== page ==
U.S. House Passes Bill to Make Lynching a Federal Crime

The United States House of Representatives passed a legislation on Feb. 28 that would make lynching a federal hate crime.

The House approved the H.R.55 – Emmett Till Antilynching Act with a 422-3 vote.

Those who voted against the bill were Republican Representatives Thomas Massie, Chip Roy, and Andrew Clyde.

The passage of the bill came after lawmakers failed to pass anti-lynching bills over 200 times since 1900.

The bill is named after Till, a 14-year-old Black boy from Chicago who was abducted, tortured, and shot in head by two white men in 1955 after he allegedly whistled at a white woman.

Under the legislation, a crime can be prosecuted as lynching when a conspiracy to commit a hate crime results in death or seriously bodily injury.

Those convicted under the legislation could face up to 30 years in prison.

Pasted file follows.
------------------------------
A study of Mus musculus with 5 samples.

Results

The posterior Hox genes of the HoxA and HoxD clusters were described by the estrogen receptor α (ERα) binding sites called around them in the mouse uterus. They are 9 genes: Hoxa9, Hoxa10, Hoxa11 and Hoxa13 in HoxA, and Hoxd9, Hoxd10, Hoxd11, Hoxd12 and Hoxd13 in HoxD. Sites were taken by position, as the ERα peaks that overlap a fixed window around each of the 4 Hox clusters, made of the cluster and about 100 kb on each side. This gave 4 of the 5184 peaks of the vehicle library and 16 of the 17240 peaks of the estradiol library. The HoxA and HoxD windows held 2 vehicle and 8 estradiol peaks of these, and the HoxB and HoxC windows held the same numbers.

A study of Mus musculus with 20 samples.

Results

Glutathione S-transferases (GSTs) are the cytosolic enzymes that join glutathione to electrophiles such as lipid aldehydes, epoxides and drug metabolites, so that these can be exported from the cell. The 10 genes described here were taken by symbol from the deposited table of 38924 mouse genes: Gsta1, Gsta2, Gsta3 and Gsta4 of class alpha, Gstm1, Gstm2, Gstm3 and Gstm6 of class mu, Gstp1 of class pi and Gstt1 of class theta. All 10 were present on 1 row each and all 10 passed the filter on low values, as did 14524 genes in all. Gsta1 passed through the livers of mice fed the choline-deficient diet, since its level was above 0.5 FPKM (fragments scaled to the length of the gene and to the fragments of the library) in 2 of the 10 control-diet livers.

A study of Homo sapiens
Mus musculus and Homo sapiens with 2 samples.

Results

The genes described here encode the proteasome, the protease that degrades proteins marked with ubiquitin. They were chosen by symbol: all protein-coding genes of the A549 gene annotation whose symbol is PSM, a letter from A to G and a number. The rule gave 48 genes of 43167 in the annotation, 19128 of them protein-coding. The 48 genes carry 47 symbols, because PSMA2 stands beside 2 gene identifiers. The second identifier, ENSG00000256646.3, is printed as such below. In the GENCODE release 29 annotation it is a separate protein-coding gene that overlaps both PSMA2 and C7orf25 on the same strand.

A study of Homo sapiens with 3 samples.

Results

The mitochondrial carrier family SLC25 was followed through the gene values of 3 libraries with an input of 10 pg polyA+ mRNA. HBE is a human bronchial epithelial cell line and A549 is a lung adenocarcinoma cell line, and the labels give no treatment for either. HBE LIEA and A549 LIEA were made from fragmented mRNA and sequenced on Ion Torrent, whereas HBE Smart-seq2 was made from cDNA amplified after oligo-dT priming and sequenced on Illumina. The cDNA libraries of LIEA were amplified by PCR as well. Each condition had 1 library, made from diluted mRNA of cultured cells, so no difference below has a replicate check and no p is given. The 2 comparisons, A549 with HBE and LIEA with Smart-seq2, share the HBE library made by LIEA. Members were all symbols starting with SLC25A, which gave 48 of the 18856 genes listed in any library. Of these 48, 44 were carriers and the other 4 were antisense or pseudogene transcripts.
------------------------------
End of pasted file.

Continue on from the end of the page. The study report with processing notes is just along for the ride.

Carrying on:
“By passing my Emmett Till Antilynching Act, the House has sent a resounding message that our nation is finally reckoning with one of the darkest and most horrific periods of our history, and that we are morally and legally committed to changing course,” Democratic Representative Bobby Rush, who introduced the bill, said in a statement.

Rush cited a report from the Equal Justice Initiative that said that over 6,500 Americans were lynched between 1865 to 1950.

House Speaker Nancy Pelosi called on the Senate to take “immediate action” and send the legislation to President Joe Biden for his signature.

“Sadly, hateful attacks are not yet a relic of the past: from the scourge of police violence to assaults on houses of worship. That is why the Democratic Congress is hard at work empowering our legal system with more tools to bring perpetrators to justice,” Pelosi said in a statement after the vote.